This honeybee is carrying more than pollen. Photo by Danny Perez Photography.The importance of gut microbes for digesting certain kinds of food has led to the suggestion that acquiring the right microbes can be an evolutionary key innovation—a change that creates access to new resources and spurs adaptive radiation. A 2009 study of gut microbes in ants found that evolutionary transitions to eating plants were associated with acquiring similar gut microbes.
So what about the biggest group of herbivorous hymenoptera, the bees? Bees' ancestors were most likely predatory wasps, but some time in the Cretaceous Period they began making a living on pollen and nectar instead. A new study of gut microbes in a wide diversity of bees suggests that social organization, not diet, changed what lives inside bees' bellies [$a].
The study examined the bacteria inside representatives of seven bee families, collecting sequence data from a gene widely used in studies of bacteria. The method employed allowed the authors to identify not just what kinds of bacteria were present, but how abundant each kind was. This microbial profile was specifically compared to the profile for Apis mellifera, the honeybee, whose gut microbes have been studied quite a bit already.
The bees form a monophyletic group—they all share a single common ancestor—and they are overwhelmingly herbivorous. Phylogenetic logic suggests, then, that any changes to the gut microbe community associated with the evolutionary transition to eating pollen and nectar would have occurred once, in the common ancestor. The microbes that facilitated that transition should also be widely shared by herbivorous bees.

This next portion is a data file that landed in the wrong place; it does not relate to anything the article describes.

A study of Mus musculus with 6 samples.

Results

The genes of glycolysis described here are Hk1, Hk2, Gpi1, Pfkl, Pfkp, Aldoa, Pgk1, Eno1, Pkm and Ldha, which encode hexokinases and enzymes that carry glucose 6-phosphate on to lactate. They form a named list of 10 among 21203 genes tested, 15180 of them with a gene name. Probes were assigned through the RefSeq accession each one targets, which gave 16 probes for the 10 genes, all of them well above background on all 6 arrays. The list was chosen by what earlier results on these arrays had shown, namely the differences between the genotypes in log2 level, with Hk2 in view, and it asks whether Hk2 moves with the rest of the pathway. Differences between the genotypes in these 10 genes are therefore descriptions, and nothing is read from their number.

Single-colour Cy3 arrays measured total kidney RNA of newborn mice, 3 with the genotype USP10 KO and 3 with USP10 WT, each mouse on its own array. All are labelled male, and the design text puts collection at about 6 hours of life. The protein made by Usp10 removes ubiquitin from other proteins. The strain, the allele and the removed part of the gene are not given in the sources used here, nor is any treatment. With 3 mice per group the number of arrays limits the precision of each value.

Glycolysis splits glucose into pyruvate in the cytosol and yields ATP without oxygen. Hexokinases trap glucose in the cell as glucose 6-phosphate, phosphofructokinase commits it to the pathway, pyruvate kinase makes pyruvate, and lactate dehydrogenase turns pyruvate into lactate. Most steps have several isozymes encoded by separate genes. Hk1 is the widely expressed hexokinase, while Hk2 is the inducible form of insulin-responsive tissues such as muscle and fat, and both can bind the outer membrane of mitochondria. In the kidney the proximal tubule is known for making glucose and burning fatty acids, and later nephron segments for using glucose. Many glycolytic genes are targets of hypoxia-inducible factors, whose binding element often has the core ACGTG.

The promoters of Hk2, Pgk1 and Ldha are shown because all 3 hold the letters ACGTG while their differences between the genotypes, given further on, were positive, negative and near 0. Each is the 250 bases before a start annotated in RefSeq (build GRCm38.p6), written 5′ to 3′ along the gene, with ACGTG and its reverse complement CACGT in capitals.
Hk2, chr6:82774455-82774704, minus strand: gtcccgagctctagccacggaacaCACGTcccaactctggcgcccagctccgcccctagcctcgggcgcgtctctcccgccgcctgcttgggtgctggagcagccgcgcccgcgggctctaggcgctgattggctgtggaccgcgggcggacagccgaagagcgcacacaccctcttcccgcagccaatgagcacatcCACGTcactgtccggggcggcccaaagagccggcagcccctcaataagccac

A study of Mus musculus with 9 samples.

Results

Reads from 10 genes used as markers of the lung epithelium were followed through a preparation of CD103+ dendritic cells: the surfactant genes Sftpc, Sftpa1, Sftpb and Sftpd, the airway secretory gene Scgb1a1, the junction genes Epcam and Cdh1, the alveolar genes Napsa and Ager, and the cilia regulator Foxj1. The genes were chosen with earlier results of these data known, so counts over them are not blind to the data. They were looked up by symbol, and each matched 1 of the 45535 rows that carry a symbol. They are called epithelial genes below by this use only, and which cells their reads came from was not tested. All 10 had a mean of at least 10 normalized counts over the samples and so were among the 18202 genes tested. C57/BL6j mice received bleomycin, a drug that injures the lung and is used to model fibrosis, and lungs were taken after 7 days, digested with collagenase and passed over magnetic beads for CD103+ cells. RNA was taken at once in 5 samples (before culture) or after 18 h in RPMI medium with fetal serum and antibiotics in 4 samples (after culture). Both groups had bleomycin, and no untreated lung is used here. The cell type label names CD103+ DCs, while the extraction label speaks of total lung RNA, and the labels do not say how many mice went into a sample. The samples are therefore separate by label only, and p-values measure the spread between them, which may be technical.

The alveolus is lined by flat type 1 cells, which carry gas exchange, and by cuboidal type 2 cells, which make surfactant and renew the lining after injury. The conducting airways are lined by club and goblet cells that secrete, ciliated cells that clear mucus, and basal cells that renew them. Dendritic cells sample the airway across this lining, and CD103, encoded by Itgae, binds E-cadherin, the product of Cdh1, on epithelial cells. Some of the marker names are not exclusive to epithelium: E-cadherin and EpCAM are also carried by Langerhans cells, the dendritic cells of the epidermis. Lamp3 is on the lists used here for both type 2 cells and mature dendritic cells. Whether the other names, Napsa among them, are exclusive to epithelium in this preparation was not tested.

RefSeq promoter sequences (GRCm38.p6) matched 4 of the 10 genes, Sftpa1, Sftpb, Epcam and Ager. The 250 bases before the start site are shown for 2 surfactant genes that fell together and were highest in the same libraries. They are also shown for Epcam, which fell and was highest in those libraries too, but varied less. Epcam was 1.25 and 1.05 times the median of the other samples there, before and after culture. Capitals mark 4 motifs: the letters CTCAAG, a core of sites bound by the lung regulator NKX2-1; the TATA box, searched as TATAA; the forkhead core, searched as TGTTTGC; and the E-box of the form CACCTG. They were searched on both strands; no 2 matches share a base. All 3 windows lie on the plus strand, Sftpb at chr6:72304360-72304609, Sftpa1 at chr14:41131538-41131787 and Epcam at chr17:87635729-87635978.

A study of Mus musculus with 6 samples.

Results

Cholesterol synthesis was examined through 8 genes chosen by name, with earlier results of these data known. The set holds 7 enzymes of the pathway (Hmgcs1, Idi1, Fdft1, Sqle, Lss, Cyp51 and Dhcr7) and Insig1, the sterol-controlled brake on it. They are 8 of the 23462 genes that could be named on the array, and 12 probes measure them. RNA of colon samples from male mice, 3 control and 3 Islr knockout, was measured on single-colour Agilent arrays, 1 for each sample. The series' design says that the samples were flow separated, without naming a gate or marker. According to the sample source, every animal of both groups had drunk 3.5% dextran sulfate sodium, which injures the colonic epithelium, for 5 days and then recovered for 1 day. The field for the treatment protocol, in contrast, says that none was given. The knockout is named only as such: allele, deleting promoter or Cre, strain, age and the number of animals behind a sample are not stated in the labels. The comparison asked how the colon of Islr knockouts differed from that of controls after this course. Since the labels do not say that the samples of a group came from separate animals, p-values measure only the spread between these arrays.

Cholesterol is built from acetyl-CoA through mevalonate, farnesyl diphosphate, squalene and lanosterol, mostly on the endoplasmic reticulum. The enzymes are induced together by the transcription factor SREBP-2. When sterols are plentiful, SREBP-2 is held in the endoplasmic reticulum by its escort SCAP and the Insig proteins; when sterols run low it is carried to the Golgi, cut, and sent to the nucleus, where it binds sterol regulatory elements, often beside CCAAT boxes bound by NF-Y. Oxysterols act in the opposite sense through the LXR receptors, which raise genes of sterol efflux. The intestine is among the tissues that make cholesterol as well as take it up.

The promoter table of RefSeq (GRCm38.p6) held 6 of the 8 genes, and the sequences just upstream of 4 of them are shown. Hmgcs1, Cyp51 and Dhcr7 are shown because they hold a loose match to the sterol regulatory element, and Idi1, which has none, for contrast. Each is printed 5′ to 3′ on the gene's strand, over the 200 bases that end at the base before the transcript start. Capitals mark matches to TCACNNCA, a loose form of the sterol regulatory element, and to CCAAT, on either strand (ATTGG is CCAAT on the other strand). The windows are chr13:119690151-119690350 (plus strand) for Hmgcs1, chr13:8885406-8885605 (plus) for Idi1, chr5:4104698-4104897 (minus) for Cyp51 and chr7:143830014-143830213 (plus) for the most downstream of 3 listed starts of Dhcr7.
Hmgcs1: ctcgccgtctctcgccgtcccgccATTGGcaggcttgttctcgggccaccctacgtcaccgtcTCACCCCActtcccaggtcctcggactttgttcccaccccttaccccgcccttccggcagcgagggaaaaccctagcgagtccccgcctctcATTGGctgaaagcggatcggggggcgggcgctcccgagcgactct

In fact, most of the bee families sampled had little in common with the honeybees' gut bacteria. Close relatives of the bacterial types found in Apis mellifera only turned up in two other Apis species, and bumble bees (genus Bombus). Since herbivory doesn't explain this pattern of similarity (or lack thereof), the authors suggest that what really matters to bees' guts is social behavior. Apis and Bombus are eusocial, forming hives of related workers cooperating to support a handful of reproductive individuals; the other bees surveyed in the study live mostly alone.
Life is different in the hive. Photo by stewickie.As the authors note, eusociality would certainly change the environment offered to symbiotic bacteria. Bees in a hive should transmit bacteria among themselves, especially when feeding larvae. So eusocial bees mostly get their gut bacteria from their sisters. The bacteria in the guts of the solitary bees surveyed were mostly related to strains found in soil and on plants—so solitary bees are probably populating their guts with bacteria from their environment.
The idea that eusociality has shaped bees' interactions with their symbiotic bacteria is interesting, but the data presented in this study are preliminary at best. The sampling of bee diversity presented here is broad, but not very deep—most of the bee families covered are represented by only one or two species. Understanding the effects of social structure on bees' gut bacteria will take much finer-grained sampling to focus on evolutionary transitions not from predation to herbivory, but from solitary to eusocial lifestyles.